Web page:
Chinese fish farmer struggles with certifications
2014-12-01 17:15:38   copyfrom:seafoodsource.com    hits:

A Chinese fish producer applying for grants under the Hong Kong government’s new “Sustainable Fishing Development Fund” is upbeat about sales opportunities for its perch and grouper but has found it difficult to secure sustainability or organic certification.
Farming jade perch and grouper for Hong Kong just across the border in the mainland Chinese city of Dongguan, Santai Eco Fishery is waiting on support under the Fund, according to company CEO Terence Wu. Seeking sustainability certifications, Santai approached the Aquaculture Stewardship Council and Marine Stewardship Council for their accreditations in early 2013, Wu said.
“However, we were informed that Jade Perch was not on the list of species that they were certifying. As a result, we approached another well recognized international accreditation organization, (the Global Aquaculture Alliance’s) Best Aquaculture Practices.” As for organic certification: “we went through the certification process but toward the end had to abandon it for lack of organic feed suppliers in China.”
In the meantime, however, Santai has secured sashimi grade certification (from the Chinese Manufacturers Association of Hong Kong) — which has been a boon for sales, said Wu. Crucially, while there are lots of fish farms in Hong Kong only Santai has secured certification to be used for sashimi in Hong Kong’s restaurants.
Santai was set up by Hong Kong businessman William Choi who saw fish farming as a lucrative alternative to his investments in the garment manufacturing sector, which is facing the challenge of higher wages in mainland China. Formally going into operation in 2013, Santai operates a water circulatory and treatment system that recycles 90 percent of the water.
Hong Kong is keener on marine fish, hence Santai is farming giant and tiger grouper for the city. “The mainland is more receptive to freshwater fish,” said Wu, hence the company is aiming to eventually tap that market with jade perch, a species it originally saw growing in Australia. Santai production tanks are currently at 70-30 percent in favor of perch but it ultimately aims to spilt production 50/50 between grouper and perch.
Santai’s customers include Hong Kong retailing giants Park n Shop and Wellcome as well as the Luk Kwok Hotel and the restaurants at the Hong Kong Jockey Club, one of Hong Kong’s most prestigious social institutions. Santai sells live perch fish at HKD 58 (USD 7.48, EUR 5.99) per fish weighing 350g and HKD 78 (USD 10.06, EUR 8.06) per fish of 450g weight. The wholesale price of live fish to restaurants “varies according to different promotion strategies and market segments,” Wu said.
Farming grouper has proven difficult given a longer growing time, Wu acknowledged, but he expects more players to get into the cultivation of grouper to tap demand for the fish in China and Hong Kong. But, he said, there are a lot of lower-quality producers who are not using the high-end circulatory system Santai has perfected at its Dongguan fish farm. In the long run Santai will consider selling the system to other firms. “We will consider options as they arise,” said Wu.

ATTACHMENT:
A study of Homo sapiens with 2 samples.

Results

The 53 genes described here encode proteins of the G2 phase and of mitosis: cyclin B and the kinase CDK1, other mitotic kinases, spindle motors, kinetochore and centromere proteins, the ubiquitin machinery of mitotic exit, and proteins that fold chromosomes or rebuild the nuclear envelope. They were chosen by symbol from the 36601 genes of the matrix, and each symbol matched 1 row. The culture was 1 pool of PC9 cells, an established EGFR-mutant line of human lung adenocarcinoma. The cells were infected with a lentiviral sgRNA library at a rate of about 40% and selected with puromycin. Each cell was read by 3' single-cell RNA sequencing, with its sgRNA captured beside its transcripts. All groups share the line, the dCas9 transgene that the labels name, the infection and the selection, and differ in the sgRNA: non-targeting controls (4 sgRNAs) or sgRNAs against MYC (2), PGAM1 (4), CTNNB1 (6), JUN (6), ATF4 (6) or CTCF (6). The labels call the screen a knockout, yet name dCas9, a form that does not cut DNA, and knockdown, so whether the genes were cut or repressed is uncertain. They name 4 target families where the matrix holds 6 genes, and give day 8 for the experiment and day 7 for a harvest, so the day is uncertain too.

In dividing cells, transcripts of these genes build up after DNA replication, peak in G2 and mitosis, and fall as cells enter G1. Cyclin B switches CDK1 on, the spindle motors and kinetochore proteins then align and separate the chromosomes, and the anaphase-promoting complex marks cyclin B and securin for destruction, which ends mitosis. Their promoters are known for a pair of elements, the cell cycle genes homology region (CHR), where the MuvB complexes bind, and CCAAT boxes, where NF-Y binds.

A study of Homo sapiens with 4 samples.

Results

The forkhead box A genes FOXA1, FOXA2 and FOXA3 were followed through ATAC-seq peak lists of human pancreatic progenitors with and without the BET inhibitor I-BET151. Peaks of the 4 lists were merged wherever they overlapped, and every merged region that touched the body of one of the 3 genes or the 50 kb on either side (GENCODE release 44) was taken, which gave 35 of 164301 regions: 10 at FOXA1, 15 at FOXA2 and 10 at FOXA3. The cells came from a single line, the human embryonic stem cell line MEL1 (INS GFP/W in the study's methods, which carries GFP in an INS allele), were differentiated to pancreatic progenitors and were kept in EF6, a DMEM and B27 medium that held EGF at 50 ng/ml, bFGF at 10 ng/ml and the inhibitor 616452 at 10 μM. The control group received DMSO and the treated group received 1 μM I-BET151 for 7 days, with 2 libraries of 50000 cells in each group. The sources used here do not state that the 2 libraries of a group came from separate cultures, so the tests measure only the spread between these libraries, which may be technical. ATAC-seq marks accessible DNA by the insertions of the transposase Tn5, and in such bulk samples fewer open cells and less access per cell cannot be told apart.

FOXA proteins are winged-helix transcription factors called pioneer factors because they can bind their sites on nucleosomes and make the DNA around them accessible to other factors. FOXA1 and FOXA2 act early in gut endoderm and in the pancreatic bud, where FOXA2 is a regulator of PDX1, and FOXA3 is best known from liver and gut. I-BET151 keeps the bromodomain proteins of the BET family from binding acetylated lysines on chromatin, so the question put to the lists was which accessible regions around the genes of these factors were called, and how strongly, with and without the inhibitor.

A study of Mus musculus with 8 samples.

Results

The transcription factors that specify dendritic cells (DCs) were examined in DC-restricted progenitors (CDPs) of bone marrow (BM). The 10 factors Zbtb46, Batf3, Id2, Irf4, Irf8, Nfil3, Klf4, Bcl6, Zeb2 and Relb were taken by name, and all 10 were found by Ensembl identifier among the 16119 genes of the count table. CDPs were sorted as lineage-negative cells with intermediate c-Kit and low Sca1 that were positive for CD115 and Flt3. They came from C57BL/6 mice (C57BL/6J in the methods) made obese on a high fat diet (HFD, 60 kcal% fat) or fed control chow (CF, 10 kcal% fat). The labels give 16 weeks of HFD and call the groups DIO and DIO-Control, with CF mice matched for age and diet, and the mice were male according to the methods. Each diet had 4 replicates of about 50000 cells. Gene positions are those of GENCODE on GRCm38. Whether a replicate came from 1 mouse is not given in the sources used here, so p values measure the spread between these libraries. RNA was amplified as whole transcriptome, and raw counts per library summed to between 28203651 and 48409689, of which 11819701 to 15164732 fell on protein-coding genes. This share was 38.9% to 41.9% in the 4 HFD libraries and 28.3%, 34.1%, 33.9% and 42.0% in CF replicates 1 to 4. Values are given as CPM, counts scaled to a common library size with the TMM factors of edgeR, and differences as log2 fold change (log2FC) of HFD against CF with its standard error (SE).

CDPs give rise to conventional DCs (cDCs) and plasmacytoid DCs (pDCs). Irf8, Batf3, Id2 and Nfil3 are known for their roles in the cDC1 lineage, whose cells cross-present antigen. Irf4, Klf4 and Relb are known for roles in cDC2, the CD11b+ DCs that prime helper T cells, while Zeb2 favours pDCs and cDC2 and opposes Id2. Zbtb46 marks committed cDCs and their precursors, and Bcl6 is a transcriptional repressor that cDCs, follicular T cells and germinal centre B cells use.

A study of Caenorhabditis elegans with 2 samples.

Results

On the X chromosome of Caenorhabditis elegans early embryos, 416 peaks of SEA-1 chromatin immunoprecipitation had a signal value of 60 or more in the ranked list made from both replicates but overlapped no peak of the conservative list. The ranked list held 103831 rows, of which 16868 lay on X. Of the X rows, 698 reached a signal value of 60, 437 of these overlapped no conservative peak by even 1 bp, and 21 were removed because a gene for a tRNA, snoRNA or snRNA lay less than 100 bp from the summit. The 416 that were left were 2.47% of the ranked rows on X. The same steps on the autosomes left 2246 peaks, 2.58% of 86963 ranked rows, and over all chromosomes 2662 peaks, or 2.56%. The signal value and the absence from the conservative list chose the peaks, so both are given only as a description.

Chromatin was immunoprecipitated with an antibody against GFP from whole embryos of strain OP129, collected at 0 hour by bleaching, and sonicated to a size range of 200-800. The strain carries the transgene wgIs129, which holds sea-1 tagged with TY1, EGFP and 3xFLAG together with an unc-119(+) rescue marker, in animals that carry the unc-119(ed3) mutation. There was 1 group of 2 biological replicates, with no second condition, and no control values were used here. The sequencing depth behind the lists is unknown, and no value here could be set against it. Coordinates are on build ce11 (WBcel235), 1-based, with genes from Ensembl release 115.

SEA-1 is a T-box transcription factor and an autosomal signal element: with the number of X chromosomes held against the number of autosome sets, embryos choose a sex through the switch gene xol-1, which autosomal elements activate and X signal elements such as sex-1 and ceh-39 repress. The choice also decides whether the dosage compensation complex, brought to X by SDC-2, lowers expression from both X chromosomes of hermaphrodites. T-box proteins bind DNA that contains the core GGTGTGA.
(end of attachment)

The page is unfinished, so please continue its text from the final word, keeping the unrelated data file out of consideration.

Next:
Wu said Santai’s commitment to quality means there’s not much of a price differential between farmed and wild grouper. “We have our own missions and values, we don’t cut corners. There are ways to make it grow faster but you compromise quality in terms of texture and quality. Our products have been facing the most strenuous tests in the Hong Kong market, which tests for antibiotic and microbe traces.”
Its aim of “Ensuring quality while maintaining ecological balance” got Santai the ECO Excellence Award last year from the Hong Kong Eco Association. The firm claims its fish farms ensure short food miles as well as reduced fuel use because there are no fishing boats involved. “It’s sustainable,” Wu said.
Hong Kong’s Sustainable Fishing Development Fund, launched in July, which “aims to help the local fisheries community move toward sustainable or high value-added operations,” shows that Santai is on the right track, Wu said. “It promotes things similar to what we have done.”
Santai would benefit from worries among consumers over food safety in mainland China, company founder William Choi told the Hong Kong press last year. He invested HKD 80 million (USD 10.3 million, EUR 8.3 million) in a 24,000-square-meter site in Dongguan, an industrial city in Guangdong province, featuring two tanks with 5,000 square meters of water and a current output of 350 metric tons of fish per year. Santai aims to be the “preeminent fish farm in Asia,” Choi told the South China Morning Post.
The company is looking at expanding in 2015 into upstream opportunities such as hatcheries and distribution. “As we build our client base we can increase our capacity at current locations,” said Wu. “Likewise we want to expand our processing business,” Wu added.
The company, according to Wu, hasn’t had any issue in securing acceptance of its farmed grouper species among high-end diners: “it’s widely accepted that wild catch is on the decrease and marine resources are depleted and environmental groups like (World Wildlife Fund) are trying to get people to opt for farmed fish. We definitely see an increase in demand,” said Wu.